By Michael A.G. Haykin
A month or so before the seizure of the Bastille in 1789, an association of English Particular Baptist churches in the West Country met, as was their annual wont, for two days of worship and fellowship. This annual meeting on this occasion—June 3–4, 1789—took place at Horsley, Gloucs., where the redoubtable Benjamin Francis was the pastor. On such occasions as these, a circular letter would be drawn up by one of the pastors; then, when approved by the association messengers, it would be sent out to the churches. On this particular occasion Caleb Evans, the Principal of Bristol Baptist Academy, was asked to write the letter.
Among other comments in the letter, which was aimed at refuting especially Antinomianism, although Socinianism was also targeted, was Evans’ critique of what he called a “poisonous doctrine”: “That as God’s love to his people is from everlasting, it must have existed when they were sunk in sin and sensuality, in as high a degree, and in the same manner, as it will be when they are brought to glory” (The Elders, Ministers, and Messengers of the Several Baptist Churches [Circular Letter, Western Association, 1789], 8). Evans called this perspective—usually associated in that era with hyper-Calvinism—an “ignorant, shocking doctrine” and proceeded to refute it. Little did he know the firestorm his remarks would create.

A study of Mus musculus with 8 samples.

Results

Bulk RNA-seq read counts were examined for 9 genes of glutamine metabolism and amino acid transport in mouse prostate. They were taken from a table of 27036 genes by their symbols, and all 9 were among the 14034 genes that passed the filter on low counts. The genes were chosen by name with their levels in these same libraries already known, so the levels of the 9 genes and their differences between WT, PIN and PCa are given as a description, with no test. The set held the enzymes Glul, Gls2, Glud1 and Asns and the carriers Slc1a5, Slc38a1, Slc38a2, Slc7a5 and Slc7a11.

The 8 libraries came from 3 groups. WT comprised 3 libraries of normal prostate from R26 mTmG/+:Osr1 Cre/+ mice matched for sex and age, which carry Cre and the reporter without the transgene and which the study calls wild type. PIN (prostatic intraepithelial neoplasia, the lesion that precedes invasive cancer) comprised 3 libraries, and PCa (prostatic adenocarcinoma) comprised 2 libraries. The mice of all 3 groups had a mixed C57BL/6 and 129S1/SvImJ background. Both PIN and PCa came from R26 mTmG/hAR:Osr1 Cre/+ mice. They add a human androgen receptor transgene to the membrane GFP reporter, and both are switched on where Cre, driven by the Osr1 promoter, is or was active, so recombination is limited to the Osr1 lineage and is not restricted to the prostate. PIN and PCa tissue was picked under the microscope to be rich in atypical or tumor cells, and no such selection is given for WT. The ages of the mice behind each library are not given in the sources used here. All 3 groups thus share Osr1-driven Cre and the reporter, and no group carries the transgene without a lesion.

Within the year, one of his fellow pastors in the Western Association, the minister of Chard, Samuel Rowles, attacked Evans in his Thoughts on the Love of God, which led to a reply from Evans and then a surrejoinder by Rowles. And to make things even more difficult the London minister William Huntington also entered the lists against Evans.
Reading over Evans’ circular letter just recently, it struck me that although Andrew Fuller is remembered as the great theologian of this era—David Bebbington once referred to him as a theologian of the caliber of Athanasius—he was surrounded by many capable men: such a man was Caleb Evans.
Michael A.G. Haykin is the director of the Andrew Fuller Center for Baptist Studies. He also serves as Professor of Church History and Biblical Spirituality at Southern Baptist Theological Seminary. Dr. Haykin and his wife Alison have two grown children, Victoria and Nigel.